Okla. regulators shutter 3 more wells near rumbling pipeline hub
Oklahoma oil and gas regulators dealing with a dramatic increase in earthquakes near the pipeline hub of Cushing have shut down three more disposal wells.
Another well was shut down by the company that owns it after regulators said they were concerned it was drilled too deep. And the operators of seven other wells were told in a letter written Friday and released yesterday that they must reduce the volume of drilling waste that they inject deep underground.
The Oklahoma Corporation Commission (OCC) says it has also told the operators of 13 other wells in the Cushing area that they may need to change operations in the future.
The commission is directing wells within 3 miles of the recent earthquakes to shut in. Wells 3 to 6 miles from the shaking have to reduce volumes by 25 percent. Wells 6 to 10 miles away are on notice.
Texas hiring another quake scientist to review disposal applications
Texas oil and gas officials are seeking to hire another earthquake scientist to help the state get a handle on earthquakes related to drilling.
The Texas Railroad Commission, which regulates drilling and not trains, is currently reviewing resumes and interviewing candidates for a "geoscientist" position advertised over the summer.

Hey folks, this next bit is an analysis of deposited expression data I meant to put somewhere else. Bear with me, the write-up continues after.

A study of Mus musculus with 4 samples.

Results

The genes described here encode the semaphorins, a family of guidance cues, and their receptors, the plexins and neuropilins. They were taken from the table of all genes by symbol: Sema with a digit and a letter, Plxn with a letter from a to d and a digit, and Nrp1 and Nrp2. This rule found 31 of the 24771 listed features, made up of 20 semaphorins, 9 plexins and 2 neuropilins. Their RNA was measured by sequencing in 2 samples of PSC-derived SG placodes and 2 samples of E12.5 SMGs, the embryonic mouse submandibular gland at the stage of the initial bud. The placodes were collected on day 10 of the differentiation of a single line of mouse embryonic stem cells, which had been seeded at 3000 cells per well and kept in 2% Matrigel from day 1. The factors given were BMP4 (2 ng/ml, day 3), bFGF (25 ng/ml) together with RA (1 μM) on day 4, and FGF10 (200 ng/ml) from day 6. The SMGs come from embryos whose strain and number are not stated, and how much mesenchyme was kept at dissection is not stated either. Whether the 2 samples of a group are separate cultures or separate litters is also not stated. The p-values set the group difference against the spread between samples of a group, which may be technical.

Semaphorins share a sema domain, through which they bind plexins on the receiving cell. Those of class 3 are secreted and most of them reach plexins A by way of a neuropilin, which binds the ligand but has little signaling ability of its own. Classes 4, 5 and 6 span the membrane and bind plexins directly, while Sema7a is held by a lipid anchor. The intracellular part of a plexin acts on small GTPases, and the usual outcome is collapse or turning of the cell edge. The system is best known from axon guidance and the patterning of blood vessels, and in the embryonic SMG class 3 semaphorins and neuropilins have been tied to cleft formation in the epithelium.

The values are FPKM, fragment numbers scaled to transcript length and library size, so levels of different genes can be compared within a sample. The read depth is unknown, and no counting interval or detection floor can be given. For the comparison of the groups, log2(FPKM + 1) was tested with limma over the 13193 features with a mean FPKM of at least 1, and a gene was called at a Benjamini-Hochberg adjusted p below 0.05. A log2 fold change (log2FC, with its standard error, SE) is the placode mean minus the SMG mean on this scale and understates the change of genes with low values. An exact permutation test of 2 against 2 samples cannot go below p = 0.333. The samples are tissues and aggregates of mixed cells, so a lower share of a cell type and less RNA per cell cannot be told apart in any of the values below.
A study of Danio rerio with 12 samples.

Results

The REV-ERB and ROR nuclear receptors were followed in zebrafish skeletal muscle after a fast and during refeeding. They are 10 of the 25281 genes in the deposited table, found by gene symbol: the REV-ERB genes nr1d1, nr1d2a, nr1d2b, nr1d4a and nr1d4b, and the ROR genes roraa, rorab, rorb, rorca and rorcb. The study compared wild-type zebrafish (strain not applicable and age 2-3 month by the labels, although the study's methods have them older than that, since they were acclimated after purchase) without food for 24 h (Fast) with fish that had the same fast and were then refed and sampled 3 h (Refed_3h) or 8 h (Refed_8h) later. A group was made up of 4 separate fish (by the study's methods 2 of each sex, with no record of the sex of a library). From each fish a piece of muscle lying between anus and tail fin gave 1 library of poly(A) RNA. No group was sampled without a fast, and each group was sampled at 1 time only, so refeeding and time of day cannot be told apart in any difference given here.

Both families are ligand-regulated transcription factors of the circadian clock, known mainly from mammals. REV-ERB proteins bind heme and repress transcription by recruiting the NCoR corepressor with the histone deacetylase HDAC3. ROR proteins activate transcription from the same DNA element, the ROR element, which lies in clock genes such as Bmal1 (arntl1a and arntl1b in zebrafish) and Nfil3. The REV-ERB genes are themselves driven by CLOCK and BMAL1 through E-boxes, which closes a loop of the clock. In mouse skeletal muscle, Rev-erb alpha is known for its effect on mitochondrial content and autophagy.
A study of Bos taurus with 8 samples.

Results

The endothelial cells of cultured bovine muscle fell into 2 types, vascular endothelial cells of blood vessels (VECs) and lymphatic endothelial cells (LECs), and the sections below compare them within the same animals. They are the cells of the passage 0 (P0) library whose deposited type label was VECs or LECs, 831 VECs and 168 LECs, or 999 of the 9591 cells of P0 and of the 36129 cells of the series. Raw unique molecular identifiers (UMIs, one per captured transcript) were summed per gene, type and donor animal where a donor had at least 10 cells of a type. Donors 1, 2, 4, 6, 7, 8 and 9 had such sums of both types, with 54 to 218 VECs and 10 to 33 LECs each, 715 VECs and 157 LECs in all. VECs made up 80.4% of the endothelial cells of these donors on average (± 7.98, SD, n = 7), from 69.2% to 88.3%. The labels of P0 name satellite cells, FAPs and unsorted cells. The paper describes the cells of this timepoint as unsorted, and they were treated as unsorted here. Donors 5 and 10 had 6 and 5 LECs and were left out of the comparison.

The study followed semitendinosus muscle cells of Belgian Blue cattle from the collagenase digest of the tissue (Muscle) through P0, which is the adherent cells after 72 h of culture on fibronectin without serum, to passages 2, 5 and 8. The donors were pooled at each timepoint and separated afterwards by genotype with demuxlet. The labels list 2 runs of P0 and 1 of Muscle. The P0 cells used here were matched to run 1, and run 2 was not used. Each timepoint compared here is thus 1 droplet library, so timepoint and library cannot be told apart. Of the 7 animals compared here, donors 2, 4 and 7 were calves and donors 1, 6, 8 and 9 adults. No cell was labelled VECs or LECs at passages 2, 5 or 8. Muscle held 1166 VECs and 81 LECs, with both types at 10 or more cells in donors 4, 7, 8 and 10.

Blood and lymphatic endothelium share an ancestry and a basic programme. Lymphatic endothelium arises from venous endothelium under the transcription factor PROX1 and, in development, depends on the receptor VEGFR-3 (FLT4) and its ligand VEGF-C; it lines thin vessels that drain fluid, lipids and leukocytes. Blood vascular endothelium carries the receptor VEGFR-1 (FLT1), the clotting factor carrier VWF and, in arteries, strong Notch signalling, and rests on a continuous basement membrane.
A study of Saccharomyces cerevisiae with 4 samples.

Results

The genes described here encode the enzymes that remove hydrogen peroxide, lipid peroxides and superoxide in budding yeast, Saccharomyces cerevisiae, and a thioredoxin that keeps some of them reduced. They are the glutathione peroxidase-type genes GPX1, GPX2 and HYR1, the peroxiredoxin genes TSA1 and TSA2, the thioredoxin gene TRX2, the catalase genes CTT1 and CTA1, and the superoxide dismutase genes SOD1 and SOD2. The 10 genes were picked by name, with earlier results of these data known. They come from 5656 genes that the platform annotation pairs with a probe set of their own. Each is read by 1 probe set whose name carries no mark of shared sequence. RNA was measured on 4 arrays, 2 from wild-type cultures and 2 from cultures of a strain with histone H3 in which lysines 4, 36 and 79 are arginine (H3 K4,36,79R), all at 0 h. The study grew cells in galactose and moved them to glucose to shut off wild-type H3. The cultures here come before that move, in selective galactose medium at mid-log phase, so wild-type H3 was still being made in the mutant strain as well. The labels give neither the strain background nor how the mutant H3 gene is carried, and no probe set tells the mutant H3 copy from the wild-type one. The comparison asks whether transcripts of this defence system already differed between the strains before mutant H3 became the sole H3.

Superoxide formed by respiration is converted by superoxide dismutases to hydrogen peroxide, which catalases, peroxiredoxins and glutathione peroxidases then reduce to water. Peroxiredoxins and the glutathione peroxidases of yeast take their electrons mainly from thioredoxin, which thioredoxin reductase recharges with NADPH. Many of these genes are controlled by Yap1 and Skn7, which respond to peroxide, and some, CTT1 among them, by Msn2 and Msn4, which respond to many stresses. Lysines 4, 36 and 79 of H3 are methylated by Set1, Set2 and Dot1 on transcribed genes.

The posting stated that one of the scientist's duties would be evaluating applications for disposal wells in areas where earthquakes have occurred in the past.
EPA recommends further restrictions on Okla. disposal wells
U.S. EPA wants Oklahoma oil and gas regulators to do more to head off man-made earthquakes, including further limits on the amount of wastewater that oil companies can inject underground.
EPA finished a review late last month of the Oklahoma Corporation Commission (OCC) wastewater program and wrote that it "recommends that OCC implement additional regulatory actions ... including further reduction of injection volumes."
Okla. company challenges disposal restrictions
For the first time, an Oklahoma oil company is challenging the restrictions placed on it by state regulators trying to stem the tide of earthquakes shaking the state.
Marjo Operating Company Inc.'s challenge is expected to come up today on the docket of the Oklahoma Corporation Commission (OCC), but the case is not expected to be heard today. OCC staff will announce intent to contest the Tulsa company's application, and the case will be moved to a different docket.